Parents spend an inordinate amount of time telling their children the same rules over and over in an effort to help them be better people in the long run. Just sitting at the dinner table for a meal involves a myriad of protocols that most of us rarely think about unless someone around us is breaking from convention in a social setting, be it formal or otherwise. With repetition and the occasional bit of discipline, children learn how to compose themselves when at a table with different groups of people. Everybody knows this is how we learn how to act in polite company, but what would these rules look like if they were written out for an android?
Robotics technology has seen a remarkable amount of progress over the last quarter century as we continue to build better motors, faster processors, and adaptable machines. Eventually we'll reach a point where it will become feasible to build an android that is the size and shape of "the ideal person"1, most likely with the bulk of its brainpower hosted by a giant organisation or — ideally — a local server buried in a closet with a great deal of processing power. When the time comes for people to invite these machinations into their home2, someone will need to sit down and write out all the rules that must be followed when sitting at the table and pretending to eat a meal.
- wash your hands before sitting at the table
- wear underwear, pants, and a shirt at the table
- sit up straight
- don't put your elbows on the table
- eat pasta with a fork, not your fingers
- eat pizza with your fingers, not a fork3
- when you cough, take a sip of water or tea
- do not raise your leg to have your knee above the table
- eat with your mouth closed
- ask for additional food or toppings with "please"
- thank people for the meal
- compliment the chef, offering specific praise for at least one dish
- do not sing while eating
- swallow the food before talking
- do not stuff food into your mouth
- don't slurp liquid
- don't lick the plate
- don't throw food
- do not use a straw to drink your soup
- french fries do not belong in your nostrils
- if you must take food out of your mouth, gently spit it into a tissue, then wrap the tissue so nobody else sees the mess
- if you must pass gas, excuse yourself and leave the table to go to an adjacent room, then return after waiting at least 30 seconds4
The list goes on and on and on. I've had to tell my son every one of these rules at least once this week, and many of them at least once per meal. A machine with some degree of autonomy, however, would only need to have the list written once and put into a weighted scale so that, when the situation requires it, the rule can be overridden5. When sitting at a table with young children, for example, maybe slurping soup or putting food up a nose would be a means of silly entertainment to keep the kids occupied while a table of adults try to have a meal in relative peace. When sitting at a table with senior family members, such as a grandmother and grandfather, then the rules can tighten up and be followed to the letter. These are all things we teach our children to do, and these are all things that we ourselves do when not eating in isolation, so it makes sense that an android with situational awareness will understand the environment it's in to determine how best to follow the protocols of the dinner table.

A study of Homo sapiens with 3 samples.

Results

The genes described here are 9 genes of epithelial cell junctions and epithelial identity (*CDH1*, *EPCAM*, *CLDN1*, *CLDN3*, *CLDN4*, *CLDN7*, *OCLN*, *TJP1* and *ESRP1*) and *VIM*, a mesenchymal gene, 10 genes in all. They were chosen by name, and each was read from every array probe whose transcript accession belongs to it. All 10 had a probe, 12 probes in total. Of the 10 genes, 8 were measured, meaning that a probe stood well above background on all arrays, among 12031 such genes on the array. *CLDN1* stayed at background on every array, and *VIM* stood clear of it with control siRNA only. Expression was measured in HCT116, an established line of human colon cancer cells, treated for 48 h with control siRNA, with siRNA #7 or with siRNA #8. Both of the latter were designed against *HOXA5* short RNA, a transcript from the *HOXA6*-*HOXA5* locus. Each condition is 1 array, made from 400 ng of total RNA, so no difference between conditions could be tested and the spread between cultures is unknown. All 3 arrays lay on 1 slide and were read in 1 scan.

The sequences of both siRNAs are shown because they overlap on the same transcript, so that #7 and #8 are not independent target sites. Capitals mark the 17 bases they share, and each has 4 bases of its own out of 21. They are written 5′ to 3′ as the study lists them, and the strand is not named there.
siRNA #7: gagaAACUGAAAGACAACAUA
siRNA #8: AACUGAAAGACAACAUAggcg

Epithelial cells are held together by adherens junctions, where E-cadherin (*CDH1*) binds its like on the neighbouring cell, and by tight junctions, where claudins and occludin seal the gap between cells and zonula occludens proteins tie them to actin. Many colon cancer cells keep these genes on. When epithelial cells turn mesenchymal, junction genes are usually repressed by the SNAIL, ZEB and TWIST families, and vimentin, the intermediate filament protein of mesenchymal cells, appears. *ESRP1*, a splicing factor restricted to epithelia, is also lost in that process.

Mind you, this is just the dinner table. Rules would have to be added if an android finds itself at a five-star restaurant in Dubai or a dumpy fast-food joint next to a forgotten truck stop on an abandoned highway. Then there's the hassle of ensuring that so many of the other rules we unconsciously follow are programmed into the system.
When is it appropriate to speak at a normal volume? When should we whisper? Is it okay to talk during a movie? Can an android spontaneously break into song like a character in Glee?
What etiquette will be followed regarding clothing? Which rituals are observed at formal events such as weddings, funerals, or bar-mitzvah? It's okay to make sand castles at the beach and in a sandbox, but what about the vegetable garden?
When we really sit down and think about all the protocols we follow just to interact with other people, it's no wonder that children need darn near two decades of practice before we send them into the world on their own, often knowing that some of the rules will be intentionally ignored for a short period of time6. Putting these rules into a coherent fashion for a walking computer to follow while also appearing to be a cognitively present human being is going to be a remarkable feat of computational engineering.
We will do it, though. One day in our lifetime, we will all have the opportunity to have an android with us as an assistant, a servant, an outdoor labourer, or maybe even a companion7. Today's societal questions about rights, freedoms, and responsibilities will pale in comparison to the ones we'll ask when machines look, act, and appear to think like us.
Before we can embark on the journey to decide whether machines that look like people should have similar rights and freedoms as people, though, we'll need to give them rules. Tens of thousands … hundreds of thousands … perhaps millions of rules to follow in order to successfully navigate the social worlds our cultures have constructed over thousands of years.